Weekly Round-Up: Machine Learning, DIY Data Scientists, Games, and Helping Couples Conceive

Welcome back to the round-up, an overview of the most interesting data science, statistics, and analytics articles of the past week. This week, we have 4 fascinating articles ranging in topics from machine learning to helping couple's conceive. In this week's round-up:

  • Jeff Hawkins: Where Open Source and Machine Learning Meet Big Data
  • The Rise Of The DIY Data Scientist
  • Why Games Matter to Artificial Intelligence
  • Three Questions for Max Levchin About His New Startup

Jeff Hawkins: Where Open Source and Machine Learning meet Big Data

Our first piece this week is an InfoWorld article about Jeff Hawkins, the machine learning work that him and his company have been doing, and the open source project they've recently released on Github. The project's name is the Numenta Platform for Intelligent Computing (NuPIC) and it's goal is to allow others to be able to embed machine intelligence into their own systems. The article has a short interview with Jeff and a link to the Github page where the project resides.

The Rise Of The DIY Data Scientist

This is an interesting Fast Company article about how Kaggle competition winners tend to be self-taught. The author of the article interview's Kaggle's chief scientist Jeremy Howard about this phenomenon and other interesting findings derived from Kaggle's competitions about data scientists. Some of the questions inquire about where the winners are from, how they learned data science, and what machine learning algorithms they use.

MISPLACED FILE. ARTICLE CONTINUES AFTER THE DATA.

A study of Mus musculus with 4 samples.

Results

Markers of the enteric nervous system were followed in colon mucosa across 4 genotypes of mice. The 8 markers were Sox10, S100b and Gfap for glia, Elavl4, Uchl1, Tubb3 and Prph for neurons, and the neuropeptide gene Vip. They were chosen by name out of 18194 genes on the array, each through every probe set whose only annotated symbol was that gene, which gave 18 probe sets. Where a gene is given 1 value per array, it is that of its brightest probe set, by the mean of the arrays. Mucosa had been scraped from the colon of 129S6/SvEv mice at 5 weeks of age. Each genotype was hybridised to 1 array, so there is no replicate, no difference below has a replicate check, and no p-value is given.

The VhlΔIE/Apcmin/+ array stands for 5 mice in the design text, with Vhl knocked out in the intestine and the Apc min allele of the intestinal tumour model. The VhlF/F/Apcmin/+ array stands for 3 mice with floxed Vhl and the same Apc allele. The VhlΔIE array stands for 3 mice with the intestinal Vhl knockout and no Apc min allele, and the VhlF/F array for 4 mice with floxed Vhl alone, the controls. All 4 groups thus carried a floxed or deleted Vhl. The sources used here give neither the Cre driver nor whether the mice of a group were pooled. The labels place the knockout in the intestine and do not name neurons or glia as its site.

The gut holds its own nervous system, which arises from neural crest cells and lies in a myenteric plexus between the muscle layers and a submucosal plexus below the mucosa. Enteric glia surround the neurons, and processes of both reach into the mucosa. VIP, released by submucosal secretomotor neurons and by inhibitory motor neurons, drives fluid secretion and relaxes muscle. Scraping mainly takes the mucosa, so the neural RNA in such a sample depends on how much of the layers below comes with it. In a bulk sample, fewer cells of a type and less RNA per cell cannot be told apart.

Why Games Matter to Artificial Intelligence

This blog post on the IBM Research blog is an interview with Dr. Gerald Tesauro about the significance of games in the Artificial Intelligence field. Dr. Tesauro was the IBM research scientists who taught Watson how to play Jeopardy. In the interview, he explains how games tend to be an ideal training ground for machines because they tend to simplify real life. He goes on to answer questions about how that prepares the machines for transitioning to other real-world problems, what he's currently working on, what Watson is doing these days, and where else machine learning can be used.

Three Questions for Max Levchin About His New Startup

Our final piece this week is an MIT Technology Review article about PayPal co-founder Max Levchin's new startup called Glow. A lot of people are having children later in life these days and one downside of this is that many couples have trouble trying to conceive. Levchin has developed an iPhone app that uses data to help couples identify the optimal time for conception. In this brief interview, Levchin talks about what they are doing, why, and the degree of accuracy they hope to achieve.

That's it for this week. Make sure to come back next week when we’ll have some more interesting articles! If there's something we missed, feel free to let us know in the comments below.